National Public Radio has adopted a series of measures to improve its workplace culture, following an independent investigation into sex harassment issues stemming from the ouster of a top executive.
The new measures, adopted unanimously by NPR's board, include changes in management structure, a diversity and inclusion committee, and pay audits to assess fairness. The investigators found, among other things, that NPR staffers often distrusted management, and that female staffers felt the company's culture favored men, in areas like opportunity, promotions and compensation.
The measures, described in a post Wednesday evening on NPR's website, were a response to a report earlier this week by independent investigators into the circumstances surrounding the ouster of Michael Oreskes, the former leader of NPR's newsroom, who resigned in November amid accusations of sexual harassment. The investigators found that Oreskes' superiors had attempted to counsel him about his behavior with women — including inappropriate emails and conversations over expense-account dinners and drinks — and issued multiple warnings, but failed to curtail the offending behavior. Oreskes was ousted only after accusations against him became public.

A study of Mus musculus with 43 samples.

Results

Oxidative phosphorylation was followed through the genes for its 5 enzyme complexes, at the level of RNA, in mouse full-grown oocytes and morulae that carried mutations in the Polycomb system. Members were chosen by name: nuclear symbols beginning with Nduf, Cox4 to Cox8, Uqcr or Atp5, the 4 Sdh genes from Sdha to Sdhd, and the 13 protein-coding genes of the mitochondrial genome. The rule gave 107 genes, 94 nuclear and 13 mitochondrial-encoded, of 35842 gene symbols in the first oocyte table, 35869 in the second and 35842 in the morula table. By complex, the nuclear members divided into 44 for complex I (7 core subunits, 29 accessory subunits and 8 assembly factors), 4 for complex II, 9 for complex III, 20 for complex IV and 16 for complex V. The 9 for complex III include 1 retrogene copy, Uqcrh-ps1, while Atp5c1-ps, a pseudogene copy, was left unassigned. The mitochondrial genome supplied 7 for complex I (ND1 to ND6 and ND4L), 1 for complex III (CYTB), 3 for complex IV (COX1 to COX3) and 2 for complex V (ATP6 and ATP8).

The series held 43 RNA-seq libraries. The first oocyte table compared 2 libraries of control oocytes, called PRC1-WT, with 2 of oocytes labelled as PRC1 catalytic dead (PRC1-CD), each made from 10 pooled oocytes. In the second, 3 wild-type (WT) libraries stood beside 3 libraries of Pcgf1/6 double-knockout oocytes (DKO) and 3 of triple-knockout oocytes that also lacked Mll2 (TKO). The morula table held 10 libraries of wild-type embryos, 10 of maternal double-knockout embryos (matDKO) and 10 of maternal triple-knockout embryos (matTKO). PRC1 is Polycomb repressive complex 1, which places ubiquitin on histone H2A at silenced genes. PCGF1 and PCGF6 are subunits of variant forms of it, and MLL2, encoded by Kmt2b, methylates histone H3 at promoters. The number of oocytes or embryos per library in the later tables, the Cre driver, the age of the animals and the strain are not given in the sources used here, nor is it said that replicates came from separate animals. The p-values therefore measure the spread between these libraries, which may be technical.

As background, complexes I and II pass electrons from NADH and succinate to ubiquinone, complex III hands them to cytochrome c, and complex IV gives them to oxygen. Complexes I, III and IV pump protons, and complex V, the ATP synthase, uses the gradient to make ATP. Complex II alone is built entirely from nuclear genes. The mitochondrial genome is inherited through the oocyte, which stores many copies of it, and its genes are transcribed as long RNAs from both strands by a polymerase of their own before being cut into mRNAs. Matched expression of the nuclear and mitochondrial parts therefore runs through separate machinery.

The new measures, posted on NPR's website Wednesday evening, include changes in its management structure to have its HR head report directly to the CEO; instituting continuous board review of HR matters including diversity and inclusion as well as harassment and bullying; improving HR management and processes; creating a diversity and inclusion committee; instituting an annual culture survey, and instituting pay audits to assess fairness.
The Weinstein Ripple Effect
Those measures come on top of other steps announced last week, including creating an anti-harassment support group and instituting mandatory sexual harassment training, among other things.
Oreskes was a vice president and senior managing editor at The Associated Press from 2008 until he joined NPR in 2015. Previously, he spent two decades in various positions at the New York Times, including Washington bureau chief.
The AP had one complaint of "unwelcome and inappropriate verbal communication" while Oreskes was at the news organization.
Contacted for comment Thursday, Oreskes pointed to the statement he released the day he tendered his resignation, calling his behavior "wrong and inexcusable" and accepting "full responsibility."